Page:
By: Abara Blessing Oluchi
Fri, 31 May 2024   ||   Nigeria,
 

The President of the African Development Bank (AfDB), Dr Akinwumi Adesina, says an increase in the Gross Domestic Product (GDP) must translate to job creation for youths to ensure growth on the continent.

Adesina said this at a presentation on the African Economic Outlook held on the sidelines of the ongoing 2024 Annual Meetings in Nairobi.

The AfDB president dismissed the pursuit of GDP growth, adding that the quality and impact of growth on job creation are paramount.

“We have to ensure that our growth also gives value to youth and women. We do not need GDP.

“It does not matter how that GDP is. We have to make sure that it is creating quality jobs for our people,’’ he said.

Adesina identified youth unemployment as a critical issue, pointing out that Africa could not afford to have 477 million young people under the age of 35 without opportunities.

“I have said it: Migration to Europe is not Europe’s problem. It is our problem. We cannot have 477 million young people under the age of 35 and have nothing for them.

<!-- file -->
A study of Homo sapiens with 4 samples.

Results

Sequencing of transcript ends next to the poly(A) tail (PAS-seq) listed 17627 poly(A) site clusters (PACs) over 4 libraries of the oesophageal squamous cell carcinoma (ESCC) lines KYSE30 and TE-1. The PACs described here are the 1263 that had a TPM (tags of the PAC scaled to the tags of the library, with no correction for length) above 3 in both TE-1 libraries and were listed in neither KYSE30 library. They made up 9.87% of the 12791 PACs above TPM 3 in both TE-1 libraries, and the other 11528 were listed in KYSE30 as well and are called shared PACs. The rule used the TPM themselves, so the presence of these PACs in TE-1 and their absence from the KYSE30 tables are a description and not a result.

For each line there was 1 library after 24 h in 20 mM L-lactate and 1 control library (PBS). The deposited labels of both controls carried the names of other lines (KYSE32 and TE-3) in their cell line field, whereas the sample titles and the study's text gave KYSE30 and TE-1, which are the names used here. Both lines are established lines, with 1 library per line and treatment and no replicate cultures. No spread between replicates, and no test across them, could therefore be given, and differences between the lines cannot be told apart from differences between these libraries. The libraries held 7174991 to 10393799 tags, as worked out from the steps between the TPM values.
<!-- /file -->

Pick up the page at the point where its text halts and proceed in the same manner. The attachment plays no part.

“We must invest in our young people, in their skills, talents, and entrepreneurship, and give them tools.”

He expressed enthusiasm for initiatives like the Youth Entrepreneurship Investment Banks and the Special Agricultural Processing Zones, designed to transform agriculture structurally.

Adesina also emphasised the potential of the African Continental Free Trade Area (AfCFTA) to boost industrial manufacturing and trade within Africa, reducing dependency on exports outside the continent.

“Trading among ourselves in a free trade zone must be backed by industrial manufacturing to avoid being competitively poor.

“We need consolidated infrastructure for export-oriented industrial manufacturing to increase our manufacturing share of GDP,” Adesina said.

Addressing financial strategies, Adesina called for increased domestic resource mobilisation, a stronger private sector, and a shift from reliance on commercial creditors to concessional finance.

He urged for more blended funds to accelerate the continent’s development and expressed gratitude for governments’ robust support for the AfDB’s capital increase.

According to him, this is crucial for maintaining the bank’s triple-A rating and securing long-term, low-interest financing for Africa.

Adesina highlighted governance, transparency, and accountability as essential for Africa’s progress.

He said that Africa had 6.8 billion dollars in national capital assets as of 2018, which, if managed transparently and effectively, could significantly accelerate the continent’s transformation.

“Africa’s future is bright, but we must tackle governance issues and ensure our resources are fully utilised for the benefit of our people,” Adesina said.